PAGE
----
The effort to dismantle racial segregation in public schools did not begin with Linda Brown in Topeka, Kansas. It began in earnest two decades earlier with a litigation strategy crafted by the future Supreme Court justice, Thurgood Marshall, that first took on segregated state law schools and then mounted attacks on segregation in school districts in several southern and border states.
The battle to gain marriage rights for gay men and lesbians began in earnest two decades ago with litigation by three same-sex couples in Hawaii. They won an interim victory only to see it reversed by the state’s voters and then used to generate a backlash nationwide.
As with the campaign for racial justice, these first two decades have seen more setbacks than advances for marriage equality. But the federal appeals court’s decision last week [Feb. 7] striking down California’s anti-gay marriage initiative Proposition 8 marks a significant turning point. And the ruling could be decisive if its logic is accepted by the U.S. Supreme Court.
On the surface, the ruling by the Ninth U.S. Circuit Court of Appeals in Perry v. Brown is narrow and limited. At trial, U.S. District Court Judge Vaughn Walker ruled definitively that denying marriage rights to same-sex couples violates both the Due Process and Equal Protection Clauses of the U.S. Constitution. On appeal, the three-judge panel led by the indomitable liberal Stephen Reinhardt declined to reach that ultimate question.
Instead, Reinhardt wrote for a 2-1 majority in holding that the November 2008 ballot measure violated equal protection principles because it withdrew marriage rights recognized by the California Supreme Court only six months earlier for no reason other than “to lessen the status and human dignity of gays and lesbians in California.”
That holding applies only to California. No other state has first granted and then withdrawn marriage rights for same-sex couples. Beyond the narrow holding in the Prop 8 case, however, the decision explicitly adopts findings that undermine the logic of the laws and constitutional amendments on the books in a majority of states to deny marriage to same-sex couples.
As journalist Ari Ezra Waldeman wrote on the gay news site Towelroad, Reinhardt concluded that banning same-sex marriage does not help promote marriage by opposite-sex couples, as supporters of such bans contend. Nor does it promote “responsible procreation,” another of the goals claimed by anti-gay marriage advocates.
In addition, Reinhardt emphatically rejected the logic of giving same-sex couples legal recognition with some term other than marriage, such as civil union or domestic partnership, at least if it comes with all the rights that marriage would entail. “The name marriage signifies the unique recognition that society gives to harmonious, loyal, enduring, and intimate relationships,” Reinhardt wrote. Giving same-sex couples all the rights but not the designation, Reinhardt reasoned, singles them out for unequal treatment for no legitimate reason.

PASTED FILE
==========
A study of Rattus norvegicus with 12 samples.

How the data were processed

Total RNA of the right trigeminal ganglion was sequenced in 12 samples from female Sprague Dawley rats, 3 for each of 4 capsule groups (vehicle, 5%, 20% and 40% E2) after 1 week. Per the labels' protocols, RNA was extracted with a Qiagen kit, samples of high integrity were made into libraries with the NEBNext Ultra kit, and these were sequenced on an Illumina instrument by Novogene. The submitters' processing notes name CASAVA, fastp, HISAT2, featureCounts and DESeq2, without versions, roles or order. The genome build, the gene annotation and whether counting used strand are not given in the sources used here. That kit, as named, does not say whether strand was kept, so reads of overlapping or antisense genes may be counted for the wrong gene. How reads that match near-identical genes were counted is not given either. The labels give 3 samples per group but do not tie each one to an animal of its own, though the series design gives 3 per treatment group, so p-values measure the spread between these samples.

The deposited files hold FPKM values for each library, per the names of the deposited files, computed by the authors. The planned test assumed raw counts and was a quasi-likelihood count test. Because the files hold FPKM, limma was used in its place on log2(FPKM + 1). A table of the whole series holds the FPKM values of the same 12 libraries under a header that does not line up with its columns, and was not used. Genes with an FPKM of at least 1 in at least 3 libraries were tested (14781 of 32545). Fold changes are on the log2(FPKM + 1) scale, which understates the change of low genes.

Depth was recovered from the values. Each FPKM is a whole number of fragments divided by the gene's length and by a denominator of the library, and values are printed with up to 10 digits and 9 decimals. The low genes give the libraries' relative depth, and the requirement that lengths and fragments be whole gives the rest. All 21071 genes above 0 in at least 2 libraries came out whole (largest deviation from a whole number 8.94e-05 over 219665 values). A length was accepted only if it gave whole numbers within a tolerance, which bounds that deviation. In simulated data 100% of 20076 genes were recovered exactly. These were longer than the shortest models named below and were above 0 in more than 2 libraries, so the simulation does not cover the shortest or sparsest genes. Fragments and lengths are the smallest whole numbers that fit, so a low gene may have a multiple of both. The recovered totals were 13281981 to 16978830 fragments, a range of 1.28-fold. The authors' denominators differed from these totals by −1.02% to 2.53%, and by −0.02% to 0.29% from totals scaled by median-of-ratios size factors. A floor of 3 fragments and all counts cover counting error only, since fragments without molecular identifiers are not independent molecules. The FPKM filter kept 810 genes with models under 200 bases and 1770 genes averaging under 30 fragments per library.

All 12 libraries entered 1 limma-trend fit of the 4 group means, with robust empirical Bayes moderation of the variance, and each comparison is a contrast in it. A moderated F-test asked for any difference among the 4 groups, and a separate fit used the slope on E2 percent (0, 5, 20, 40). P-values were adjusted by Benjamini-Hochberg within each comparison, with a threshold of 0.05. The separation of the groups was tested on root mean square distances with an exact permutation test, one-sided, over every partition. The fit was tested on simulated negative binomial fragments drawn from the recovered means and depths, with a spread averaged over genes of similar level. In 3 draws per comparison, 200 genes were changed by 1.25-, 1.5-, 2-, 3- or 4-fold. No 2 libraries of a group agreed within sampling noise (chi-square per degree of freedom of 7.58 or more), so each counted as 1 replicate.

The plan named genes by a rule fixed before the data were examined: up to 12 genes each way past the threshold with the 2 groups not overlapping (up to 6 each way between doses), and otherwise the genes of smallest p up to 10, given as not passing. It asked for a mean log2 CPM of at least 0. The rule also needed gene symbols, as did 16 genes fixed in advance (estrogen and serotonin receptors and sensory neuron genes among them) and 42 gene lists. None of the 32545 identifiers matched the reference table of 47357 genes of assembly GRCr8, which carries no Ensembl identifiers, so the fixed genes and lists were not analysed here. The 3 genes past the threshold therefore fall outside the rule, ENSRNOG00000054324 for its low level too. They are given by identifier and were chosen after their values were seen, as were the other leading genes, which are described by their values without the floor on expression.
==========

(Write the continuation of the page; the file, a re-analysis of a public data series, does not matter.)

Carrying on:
In reaching that conclusion, the appeals court relied explicitly on the Supreme Court’s decision in Romer v. Evans (1996) striking down a Colorado ballot measure that barred the state or local governments from enacting laws to prohibit discrimination on the basis of sexual orientation. Justice Anthony M. Kennedy’s opinion for the majority found the law unconstitutional because it had no justification other than to treat gays and lesbians as second-class citizens.
Legal analysts have viewed Reinhardt’s citation of Kennedy’s opinion as a barefaced attempt to gain his vote for affirmance if the Prop 8 case reaches the Supreme Court. Less cynically, the citation represents the normal path of common-law adjudication, where a principle from one case is logically applied to an analogous case later on.
The Supreme Court followed that path in declaring racial segregation unconstitutional. In four successive cases, the court ruled that states could not segregate higher education by diverting African Americans to a law school in another state or a separate law school in the state itself or by admitting them to a graduate school but forcing them to use separate facilities. By the time of Brown v. Board of Education (1954), the logic was inexorable: legally enforced racial segregation in education could not stand.
Even so, the justices were divided when Brown and its four companion cases were first argued. As is well known, the new chief justice, Earl Warren, worked hard after a second round of arguments to persuade reluctant colleagues to make the eventual ruling unanimous.
The current justices are divided on gay rights. Conservatives Antonin Scalia and Clarence Thomas dissented in Romer and again in the 2003 ruling, Lawrence v. Texas, striking down laws banning gay sex. The newest conservatives, Chief Justice John G. Roberts Jr. and Justice Samuel A. Alito Jr., have not yet ruled in a case directly raising gay rights issues.
Roberts would seem unlikely to play Warren’s role in forging a united court on same-sex marriage, yet he appreciates his responsibility for protecting the court’s public reputation. Public opinion on gay marriage is shifting, inexorably. Some polls find majority support, and all polls find strong support among young people.
All eyes will be on Kennedy if the Prop 8 case reaches the Supreme Court. But they should also be focused on Roberts to see whether he tries to lead the court to adopt or resist the logic of the ruling and the growing acceptance of gay marriage in the public at large.